Laina G. Stebbins graphic
On Nov. 29, 1870, Susan B. Anthony demanded the right to vote for women during a visit to Detroit.
Anthony, who was born on Feb. 15, 1820, in Adams, Mass., spoke during the Northwestern Women’s Suffrage Association assembly.
After her presentation, the assembly adopted a resolution that read, in part, “That under a republican government suffrage is not a privilege merely, but a right of a citizen, and a duty.”
Adelle Hazlett of Hillsdale presided over the assembly.
Two years after the Detroit visit, Anthony was arrested in her hometown of Rochester, N.Y., for voting in violation of laws that allowed only men to vote. Anthony was convicted in a widely publicized trial. She refused to pay the fine and no further was taken.
By 1855, women were actively signing petitions asking for the right to vote, according to the Library of Michigan. In 1871, Nannette Gardner became the first woman to vote in a Detroit election. Laura Osborn in 1917 became the first woman elected to public office when city voters placed her on the Detroit Board of Education.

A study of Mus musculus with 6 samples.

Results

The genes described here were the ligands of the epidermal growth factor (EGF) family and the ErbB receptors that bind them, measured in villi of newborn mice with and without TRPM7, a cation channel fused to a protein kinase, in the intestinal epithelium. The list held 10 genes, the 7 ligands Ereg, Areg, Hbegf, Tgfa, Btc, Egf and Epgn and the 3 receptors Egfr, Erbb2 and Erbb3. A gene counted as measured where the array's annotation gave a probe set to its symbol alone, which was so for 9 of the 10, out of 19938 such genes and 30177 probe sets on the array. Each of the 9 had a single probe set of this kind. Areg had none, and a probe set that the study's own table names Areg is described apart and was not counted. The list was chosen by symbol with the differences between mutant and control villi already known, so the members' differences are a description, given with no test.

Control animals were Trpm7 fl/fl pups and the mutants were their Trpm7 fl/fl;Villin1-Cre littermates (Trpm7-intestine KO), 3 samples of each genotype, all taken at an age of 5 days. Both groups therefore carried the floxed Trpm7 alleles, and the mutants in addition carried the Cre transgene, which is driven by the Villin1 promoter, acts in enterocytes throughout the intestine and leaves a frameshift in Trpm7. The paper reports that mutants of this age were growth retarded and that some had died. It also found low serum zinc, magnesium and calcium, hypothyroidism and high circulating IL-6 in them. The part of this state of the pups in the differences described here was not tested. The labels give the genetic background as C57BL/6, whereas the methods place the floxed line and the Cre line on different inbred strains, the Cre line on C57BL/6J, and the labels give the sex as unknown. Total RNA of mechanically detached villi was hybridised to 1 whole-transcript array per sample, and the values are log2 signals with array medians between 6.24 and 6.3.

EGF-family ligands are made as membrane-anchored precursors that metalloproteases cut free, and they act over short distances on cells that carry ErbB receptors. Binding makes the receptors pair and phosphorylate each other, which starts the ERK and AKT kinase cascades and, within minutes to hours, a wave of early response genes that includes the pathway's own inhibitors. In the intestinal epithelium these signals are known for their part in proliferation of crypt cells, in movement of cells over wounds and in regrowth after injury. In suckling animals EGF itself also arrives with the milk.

A ceremony was held on May 8, 1917, when Michigan Gov. Albert Sleeper signed the Damon-Flowers bill. The measure authorized by the Republican from Bad Axe placed on the ballot a referendum to allow women to vote in presidential elections. Voters approved a state constitutional amendment the following year making the historic measure law throughout Michigan.
The seminal Sleeper signing came before Congress passed the 19th Amendment in 1919. Michigan became one of the first states to ratify it on June 10, 1919, passing it in unanimous fashion.
By August 1920, the amendment was ratified by all states, making this year the national centennial. A photograph of women watching the Sleeper bill signing was published in the “Michigan Suffragist” newsletter.
Susan B. Anthony died on March 13, 1906 at age 86. Gov. Gretchen Whitmer, Michigan’s second female governor, proclaimed March 14, 2022, as Susan B. Anthony Day in the state.